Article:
Enfield’s cycle lanes have made travel safer and could be bringing more customers to local shops, cyclists have claimed.

Members of campaign group Better Streets for Enfield say the cycle lanes along the A105 Green Lanes are encouraging more people to get on their bikes and travel around the borough.

And while some shops have blamed the cycle lanes for a fall in revenue from which they are still struggling to recover, many cyclists disagree.

They say cyclists do use local businesses – and even if they can’t carry as much on a bike as they can in a car, they make more frequent trips to the shops.

Catherine Findlater, who lives in Palmers Green, said she felt safer using the cycle lanes to travel around Enfield.

She said: “Before the cycle lanes were put in, people would close-pass me and I would be cut off as I approached a corner or junction. That happens less frequently.

“We feel a few degrees safer – particularly as we always have a child with us.

“In terms of shopping, we live very close to Palmers Green High Street, so anything locally round here we would walk anyway.”

Ms Findlater said she now felt safe enough to cycle up to Winchmore Hill with her son, whereas before they would have to catch the bus.

She added: “I am never going to suggest the construction of the lanes did not cause disruption, but I don’t believe cycle lanes are preventing people going into shops

“You could argue that a cyclist or someone who has walked is going to be spending more time in the area – they are not going to be thinking of going back to top up the pay and display machine.”

Will Hoyle, who lives in Enfield Town and describes himself as an “occasional cyclist”, used to drive to Pymmes Park to take part in the Saturday Parkrun – but now he cycles.

He said: “For me, it is the safety. It humanises the area a lot more and reduces the speed of cars.

“I have two kids – five and eight-year-olds. They cycle down the lanes with me, but we walk round the Enfield Town section.

“It is a lot easier to shop when you are on a bike – you put your bike against a wall and pop into a shop. You are not driving round looking for a parking space.”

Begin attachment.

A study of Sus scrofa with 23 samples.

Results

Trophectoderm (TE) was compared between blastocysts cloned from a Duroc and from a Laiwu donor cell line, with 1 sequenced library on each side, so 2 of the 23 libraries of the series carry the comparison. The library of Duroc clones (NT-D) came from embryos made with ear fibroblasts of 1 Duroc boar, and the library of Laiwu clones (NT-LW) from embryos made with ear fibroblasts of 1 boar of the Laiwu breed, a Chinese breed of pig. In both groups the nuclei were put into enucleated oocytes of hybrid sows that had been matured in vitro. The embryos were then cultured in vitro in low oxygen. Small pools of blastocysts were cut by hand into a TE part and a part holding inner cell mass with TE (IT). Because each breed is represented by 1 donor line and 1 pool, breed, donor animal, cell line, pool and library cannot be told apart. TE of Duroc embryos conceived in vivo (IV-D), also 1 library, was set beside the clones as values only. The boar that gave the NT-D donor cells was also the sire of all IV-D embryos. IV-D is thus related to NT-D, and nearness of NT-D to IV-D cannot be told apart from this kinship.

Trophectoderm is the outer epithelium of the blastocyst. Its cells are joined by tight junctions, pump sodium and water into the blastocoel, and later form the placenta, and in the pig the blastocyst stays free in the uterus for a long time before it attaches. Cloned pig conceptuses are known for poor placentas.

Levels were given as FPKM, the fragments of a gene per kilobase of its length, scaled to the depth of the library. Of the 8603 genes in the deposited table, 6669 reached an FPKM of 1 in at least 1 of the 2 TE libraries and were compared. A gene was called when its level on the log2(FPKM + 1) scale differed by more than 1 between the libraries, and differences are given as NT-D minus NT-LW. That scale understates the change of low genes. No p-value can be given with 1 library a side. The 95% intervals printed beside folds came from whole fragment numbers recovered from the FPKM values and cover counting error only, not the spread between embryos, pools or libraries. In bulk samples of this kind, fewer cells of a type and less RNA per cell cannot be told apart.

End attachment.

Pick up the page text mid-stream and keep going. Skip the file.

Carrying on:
Mr Hoyle said he was considering getting a new bike and cycling to work.

He added that the construction of the cycle lanes could probably have been handled better by the council, but pointed out that businesses were being affected by a global downturn.

He said: “I think shops overstate the trade they get from driving. Most people don’t drive to a café – they walk or cycle.”

Palmers Green resident Clare Rogers said: “Cycle Enfield has changed people’s behaviour. There are now more women and children cycling.

“Now you can’t drive more than 20mph. We have not got the congestion, traffic is calmer and it is a more pedestrian-friendly environment.

“Before Cycle Enfield came in, I travelled everywhere by car. Now I’ve started shopping in Winchmore Hill because it is so nice to get up there by bike.”

Ms Rogers said she sympathised with shops struggling to make ends meet but pointed out that high streets were struggling across the country due to the rise of online shopping.

Cycle instructor David Hilliard said he often taught women in their 30s who had never had the opportunity to learn how to ride a bike.

He said: “Quite often you ask them why they want to learn, and they say it is because of the cycle lanes.”

Mr Hilliard added that electric bicycles, which are becoming more popular in Germany and Holland, would help people to do more shopping by bike.

He said: “I do sometimes stop off at the Little Green Dragon pub, and I do see people arriving by bike there. Sometimes you see bikes parked up outside.

“Now is not the best time of year, but as soon as the weather gets warmer it will change.”

Hal Haines, who lives in Palmers Green, said he and his two teenage daughters often used the cycle lanes.

He said: “If you want to go to Pizza Express, you just get on the bike. It is so quick – only five minutes.

“The traffic on Green Lanes used to be quite fast, and you would have to pull out in front of cars. You don’t have any of that anymore.

“To me, it is a nicer environment. It looks like a nicer place to shop.”